MICHAEL GOVE calls Ofwat’s decision to fine Thames Water £120 million — including £65m to be paid back to its long-suffering customers — “decisive action.”
The corporate giant has “completely failed” in its duty to customers by neglecting to stop leaks, the Environment Secretary admits, but the Ofwat ruling that will see each of the firm’s customers reimbursed the princely sum of £15 over two years reassures him that the system works.
It “shows an ongoing commitment to ensuring that customers receive the service they deserve.”
But if the minister thinks a slap on the wrist will be enough to make Thames Water mend its ways — or even its pipes — he hasn’t been doing his homework.
A firm with monopoly control of the supply of water to the capital, which registered operating profits of over £600m last year and which has paid out billions in dividends to private shareholders even while more than doubling its long-term debt (which was over £10 billion in 2016) will hardly feel the pinch at being fined a few million.
After all, a record-breaking £20.3m fine just last year, which Thames incurred for dumping the equivalent of 1,700 Olympic swimming pools of sewage into the river, has clearly failed to prick its conscience.
Thames’s owners — a faceless coterie of Canadian pension funds, the Abu Dhabi and Kuwait investment funds, BT and the China Investment Corporation — can sleep sound in the knowledge that the privatised water supply in England and Wales will keep the payouts flowing.
Like other Tory sell-offs — the railways spring to mind — privatised water is a racket allowing parasitical “investors” who have neither created the water itself nor even built the infrastructure used to deliver it to rake in the profits at our expense.
Privateers who bought our water and sewage systems courtesy of the Thatcher government in 1989 were not burdened with the sector’s £4.9bn debts — the Tories lumped the public with those — and were given a golden handshake of £1.5bn of our money as a pat on the back for agreeing to rob us blind.
The price of water has risen by 40 per cent above inflation since. Thames has paid no corporation tax in a decade, but that doesn’t stop it running to the taxpayer for help whenever it has to spend money: former chancellor George Osborne guaranteed the £4bn it needs to borrow to build its much-vaunted “super-sewer” under London.
Nor has it used its tax savings to ensure it is able to meet its pension liabilities, which were in surplus a decade ago but had hit a deficit of £260m by 2016.
Thames Water isn’t a bad apple. Its corporate irresponsibility is typical of the privatised water industry — Corporate Watch and the GMB union found this week that the bosses of nine private water companies had trousered £58m in pay, pensions and perks over the past five years.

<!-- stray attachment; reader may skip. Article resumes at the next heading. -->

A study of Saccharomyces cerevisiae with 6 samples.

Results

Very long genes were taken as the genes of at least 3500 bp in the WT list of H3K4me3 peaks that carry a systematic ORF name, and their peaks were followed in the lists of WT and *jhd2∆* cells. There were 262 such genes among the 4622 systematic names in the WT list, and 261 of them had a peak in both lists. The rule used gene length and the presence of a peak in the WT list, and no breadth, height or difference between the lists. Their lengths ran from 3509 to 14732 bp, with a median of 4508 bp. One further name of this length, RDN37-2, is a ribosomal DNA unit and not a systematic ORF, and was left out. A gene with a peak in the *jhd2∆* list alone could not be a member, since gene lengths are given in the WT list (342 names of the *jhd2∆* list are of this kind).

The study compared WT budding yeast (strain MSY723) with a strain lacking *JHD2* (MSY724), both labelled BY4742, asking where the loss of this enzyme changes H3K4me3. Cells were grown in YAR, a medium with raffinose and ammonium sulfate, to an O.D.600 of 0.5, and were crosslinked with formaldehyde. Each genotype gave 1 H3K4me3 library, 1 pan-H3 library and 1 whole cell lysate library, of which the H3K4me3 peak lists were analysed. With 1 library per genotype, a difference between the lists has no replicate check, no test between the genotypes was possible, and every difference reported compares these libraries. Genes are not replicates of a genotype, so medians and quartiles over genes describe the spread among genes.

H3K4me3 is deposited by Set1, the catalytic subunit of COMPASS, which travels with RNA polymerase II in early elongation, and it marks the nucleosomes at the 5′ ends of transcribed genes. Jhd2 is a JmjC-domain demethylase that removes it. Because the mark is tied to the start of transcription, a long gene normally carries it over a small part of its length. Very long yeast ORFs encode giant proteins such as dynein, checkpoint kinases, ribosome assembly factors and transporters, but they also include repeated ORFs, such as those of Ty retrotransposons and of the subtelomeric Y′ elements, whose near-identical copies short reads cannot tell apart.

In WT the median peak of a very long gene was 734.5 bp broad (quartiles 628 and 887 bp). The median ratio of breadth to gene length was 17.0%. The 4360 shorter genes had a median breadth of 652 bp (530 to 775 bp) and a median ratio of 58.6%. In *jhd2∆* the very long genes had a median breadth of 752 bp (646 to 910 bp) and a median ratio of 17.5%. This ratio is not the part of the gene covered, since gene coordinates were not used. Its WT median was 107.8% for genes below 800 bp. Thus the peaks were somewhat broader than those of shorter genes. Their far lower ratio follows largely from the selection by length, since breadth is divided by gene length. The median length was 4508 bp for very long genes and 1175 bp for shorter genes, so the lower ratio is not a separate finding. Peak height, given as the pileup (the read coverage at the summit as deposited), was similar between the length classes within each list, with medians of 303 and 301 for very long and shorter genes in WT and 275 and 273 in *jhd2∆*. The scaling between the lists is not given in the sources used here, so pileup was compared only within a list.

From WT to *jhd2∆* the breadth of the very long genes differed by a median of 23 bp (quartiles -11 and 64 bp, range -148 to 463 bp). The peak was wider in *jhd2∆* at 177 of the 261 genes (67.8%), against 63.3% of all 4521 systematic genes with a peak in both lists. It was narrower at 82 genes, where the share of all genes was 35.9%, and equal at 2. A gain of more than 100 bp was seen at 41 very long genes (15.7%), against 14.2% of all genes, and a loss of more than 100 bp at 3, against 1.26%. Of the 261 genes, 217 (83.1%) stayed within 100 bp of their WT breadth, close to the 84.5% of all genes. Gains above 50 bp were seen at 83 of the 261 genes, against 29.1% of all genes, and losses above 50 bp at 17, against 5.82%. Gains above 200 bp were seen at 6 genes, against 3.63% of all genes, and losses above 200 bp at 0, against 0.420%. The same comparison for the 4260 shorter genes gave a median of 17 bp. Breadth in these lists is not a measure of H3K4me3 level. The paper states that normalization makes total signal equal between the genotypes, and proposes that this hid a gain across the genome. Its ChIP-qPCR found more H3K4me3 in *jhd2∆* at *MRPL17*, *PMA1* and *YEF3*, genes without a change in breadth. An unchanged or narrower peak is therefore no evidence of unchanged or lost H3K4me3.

Severn Trent’s CEO’s £2,450,700 pay packet has gone up 50 per cent since 2013. The head of United Utilities pocketed £2,310,000, a 49 per cent increase over the same period and equally divorced from any conceivable improvement in performance.
Shadow chancellor John McDonnell’s commitment to replacing “this dysfunctional system with a network of regional, publicly owned water companies” is the only solution that will end the rip-off.
Fining companies that can continue to pay millions in dividends while wallowing in debt and avoiding tax is a pointless exercise. Water belongs to us all and its supply is a natural monopoly.
Let’s take back what’s ours.
You can’t buy a revolution, but you can help the only daily paper in Britain that’s fighting for one by joining the 501 club.
Just £5 a month gives you the opportunity to win one of 17 prizes, from £25 to the £501 jackpot.
By becoming a 501 Club member you are helping the Morning Star cover its printing, distribution and staff costs — help keep our paper thriving by joining!
You can’t buy a revolution, but you can help the only daily paper in Britain that’s fighting for one by become a member of the People’s Printing Press Society.
The Morning Star is a readers’ co-operative, which means you can become an owner of the paper too by buying shares in the society.
Shares are £1 each — though unlike capitalist firms, each shareholder has an equal say. Money from shares contributes directly to keep our paper thriving.
Some union branches have taken out shares of over £500 and individuals over £100.
You can’t buy a revolution, but you can help the only daily paper in Britain that’s fighting for one by donating to the Fighting Fund.
The Morning Star is unique, as a lone socialist voice in a sea of corporate media. We offer a platform for those who would otherwise never be listened to, coverage of stories that would otherwise be buried.
The rich don’t like us, and they don’t advertise with us, so we rely on you, our readers and friends. With a regular donation to our monthly Fighting Fund, we can continue to thumb our noses at the fat cats and tell truth to power.
Donate today and make a regular contribution.